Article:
Meet Tamana Mirzada, board member

Tamana joined the indigo foundation board in February 2021. She is an Afghan Australian youth advocate who is passionate about creating spaces that support newly arrived communities in their settlement journey. Tamana arrived in Australia in 2007 from Germany, making it her final settlement country. In the past, Tamana has worked with the Afghan Women Educational Centre in Kabul, the Lebanese Muslim Association, the Community Migrant Resource Centre, The Refugee Council of Australia and Shakti NSW Refugee and Migrant Women Support Group on various initiatives including education, employment and health. In 2019, Tamana was awarded the Refugee Council of Australia and STARTTS Humanitarian Youth Award. We’re really excited to have her expertise and experience as part of our board.  

  1. What led you to this role with indigo?

After returning from Afghanistan last year during COVID-19, I was looking for ways to continue to be involved in international development and the humanitarian sector. My previous role was at the Afghan Women Educational Centre in Kabul, Afghanistan. As the program manager I focused mainly on gender transformative change and capacity building for communities in rural Afghanistan. Through this experience I learned a lot about the different dynamics that are in play in the intervention process of development. When I come back to Australia, I wanted to continue to learn more about the field whilst at the same time extend my leadership skills.   

  1. Your lifeand work has exposed you to issues of inequality and social change across different countries and communities. What is one of the most valuable lessons you have learned? 

There are many ways I could answer this question, but I believe what stood out for me during my experience is to listen more and then act. By this I mean it is so important for any development work and intervention process to acknowledge the needs of local communities. More often I see in the sector lots of desk-based research undertaken to deliver projects and programs for communities. This often fails to acknowledge the different needs of communities and without consultation how can you assess what needs to be solved? In all my work I always like to emphasise a localised approach to development. It’s really important to think about how your intervention will affect the lives of those you are serving. Making assumptions and using desk-based research to develop an initiative is not sustainable.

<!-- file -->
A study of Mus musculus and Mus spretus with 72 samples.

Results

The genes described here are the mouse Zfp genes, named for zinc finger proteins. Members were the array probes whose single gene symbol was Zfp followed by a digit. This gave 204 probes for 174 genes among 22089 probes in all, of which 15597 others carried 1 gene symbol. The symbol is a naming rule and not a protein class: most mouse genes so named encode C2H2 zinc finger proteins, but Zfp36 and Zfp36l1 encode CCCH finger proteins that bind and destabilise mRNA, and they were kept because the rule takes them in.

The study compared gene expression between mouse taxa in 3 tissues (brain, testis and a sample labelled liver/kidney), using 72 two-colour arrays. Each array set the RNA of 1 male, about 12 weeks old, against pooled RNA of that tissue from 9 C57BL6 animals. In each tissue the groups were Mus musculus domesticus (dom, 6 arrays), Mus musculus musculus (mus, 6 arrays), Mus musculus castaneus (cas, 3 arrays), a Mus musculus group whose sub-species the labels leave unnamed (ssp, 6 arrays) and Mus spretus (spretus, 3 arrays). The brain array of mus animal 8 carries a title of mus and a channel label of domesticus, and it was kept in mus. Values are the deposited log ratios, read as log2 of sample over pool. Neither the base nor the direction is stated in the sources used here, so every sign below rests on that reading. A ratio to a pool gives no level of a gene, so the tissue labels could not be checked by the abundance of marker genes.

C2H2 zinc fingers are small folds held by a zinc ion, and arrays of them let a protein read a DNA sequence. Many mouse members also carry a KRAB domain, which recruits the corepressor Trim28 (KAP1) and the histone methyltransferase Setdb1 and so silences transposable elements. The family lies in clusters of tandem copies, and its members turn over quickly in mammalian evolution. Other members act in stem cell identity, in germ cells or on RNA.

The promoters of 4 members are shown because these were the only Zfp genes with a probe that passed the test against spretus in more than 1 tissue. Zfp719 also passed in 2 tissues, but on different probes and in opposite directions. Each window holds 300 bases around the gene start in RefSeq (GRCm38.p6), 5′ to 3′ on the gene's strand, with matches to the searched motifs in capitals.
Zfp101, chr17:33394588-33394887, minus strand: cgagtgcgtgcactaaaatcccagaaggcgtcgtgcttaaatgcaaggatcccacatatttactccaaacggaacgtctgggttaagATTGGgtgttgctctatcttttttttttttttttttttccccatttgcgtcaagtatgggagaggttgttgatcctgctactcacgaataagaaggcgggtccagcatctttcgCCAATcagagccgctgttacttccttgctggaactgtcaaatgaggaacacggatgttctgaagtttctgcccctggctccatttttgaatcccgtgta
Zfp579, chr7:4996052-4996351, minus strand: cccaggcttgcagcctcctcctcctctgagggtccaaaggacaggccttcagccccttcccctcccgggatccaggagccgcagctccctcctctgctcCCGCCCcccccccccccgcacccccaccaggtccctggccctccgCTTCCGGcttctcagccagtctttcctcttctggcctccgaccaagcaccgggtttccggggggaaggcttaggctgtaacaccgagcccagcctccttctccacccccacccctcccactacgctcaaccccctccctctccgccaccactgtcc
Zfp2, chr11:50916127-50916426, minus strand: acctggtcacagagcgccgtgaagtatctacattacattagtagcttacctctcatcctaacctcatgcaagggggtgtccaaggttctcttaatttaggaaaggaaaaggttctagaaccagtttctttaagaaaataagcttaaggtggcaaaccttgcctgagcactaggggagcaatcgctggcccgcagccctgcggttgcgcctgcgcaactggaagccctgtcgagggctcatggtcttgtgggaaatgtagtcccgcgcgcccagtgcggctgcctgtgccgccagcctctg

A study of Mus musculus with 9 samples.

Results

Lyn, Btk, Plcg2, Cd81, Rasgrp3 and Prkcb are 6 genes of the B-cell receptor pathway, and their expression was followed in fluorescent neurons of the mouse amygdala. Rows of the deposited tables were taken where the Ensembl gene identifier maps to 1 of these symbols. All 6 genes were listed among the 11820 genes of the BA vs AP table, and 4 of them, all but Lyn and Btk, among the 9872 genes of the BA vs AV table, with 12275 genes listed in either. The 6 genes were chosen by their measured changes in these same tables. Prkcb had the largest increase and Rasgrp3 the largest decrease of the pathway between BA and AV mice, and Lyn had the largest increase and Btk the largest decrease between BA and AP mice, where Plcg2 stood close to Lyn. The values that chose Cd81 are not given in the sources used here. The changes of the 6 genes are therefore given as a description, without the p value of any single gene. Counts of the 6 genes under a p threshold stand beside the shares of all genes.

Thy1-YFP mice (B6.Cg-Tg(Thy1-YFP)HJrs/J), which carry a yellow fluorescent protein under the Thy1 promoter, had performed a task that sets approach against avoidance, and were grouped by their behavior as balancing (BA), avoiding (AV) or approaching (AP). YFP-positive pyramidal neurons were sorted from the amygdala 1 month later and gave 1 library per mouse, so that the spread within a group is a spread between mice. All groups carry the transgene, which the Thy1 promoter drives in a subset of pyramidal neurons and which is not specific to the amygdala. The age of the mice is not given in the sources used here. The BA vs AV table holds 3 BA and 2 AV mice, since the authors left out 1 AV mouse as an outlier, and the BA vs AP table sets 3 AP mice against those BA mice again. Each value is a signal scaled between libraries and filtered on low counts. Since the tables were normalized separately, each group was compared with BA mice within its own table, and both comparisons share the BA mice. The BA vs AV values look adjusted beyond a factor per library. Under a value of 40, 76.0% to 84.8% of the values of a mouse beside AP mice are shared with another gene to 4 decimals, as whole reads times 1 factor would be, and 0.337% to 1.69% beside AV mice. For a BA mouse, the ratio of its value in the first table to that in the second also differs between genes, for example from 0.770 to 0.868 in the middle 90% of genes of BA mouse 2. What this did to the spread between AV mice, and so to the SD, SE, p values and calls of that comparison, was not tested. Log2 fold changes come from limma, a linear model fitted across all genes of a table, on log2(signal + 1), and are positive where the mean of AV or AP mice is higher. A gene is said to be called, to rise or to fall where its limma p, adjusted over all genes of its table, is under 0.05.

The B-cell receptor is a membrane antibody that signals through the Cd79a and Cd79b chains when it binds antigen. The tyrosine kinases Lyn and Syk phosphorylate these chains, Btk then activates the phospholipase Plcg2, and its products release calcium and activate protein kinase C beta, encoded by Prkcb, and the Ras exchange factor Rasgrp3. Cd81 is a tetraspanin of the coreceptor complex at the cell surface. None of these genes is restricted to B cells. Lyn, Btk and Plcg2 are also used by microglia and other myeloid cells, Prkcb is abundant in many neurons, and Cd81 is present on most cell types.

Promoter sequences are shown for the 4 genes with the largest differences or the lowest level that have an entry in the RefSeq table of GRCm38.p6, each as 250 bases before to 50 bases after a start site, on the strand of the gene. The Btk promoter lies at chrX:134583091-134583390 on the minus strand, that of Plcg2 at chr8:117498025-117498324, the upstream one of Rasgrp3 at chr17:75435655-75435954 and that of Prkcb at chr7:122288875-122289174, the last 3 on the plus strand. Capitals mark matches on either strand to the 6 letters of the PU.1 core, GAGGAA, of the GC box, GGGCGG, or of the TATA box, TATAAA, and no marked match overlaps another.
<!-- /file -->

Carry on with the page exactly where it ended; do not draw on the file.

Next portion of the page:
1. In your experience, what is one of the biggest challenges facing global development today?

Definitely gender equality and the intersection of poverty. It is obvious that, for an economy to thrive, all members of a society ought to be given opportunities to participate in employment. From access to education to human rights, more often gender plays a significant role distinguishing those with and without access. Despite some progress in recent years, in no country have women achieved economic equality compared to men.  

  1. What are you most excited about for your time as an indigo foundation board member?

I am thrilled to be part of the important work indigo undertakes with communities abroad. And, at the same time, I look forward to sharing my learning experience working in international development and in the settlement sector here in Australia with newly arrived communities. I see a lot of potential in growing Indigo’s engagement with diaspora communities in Australia and I am excited to be part of this important work.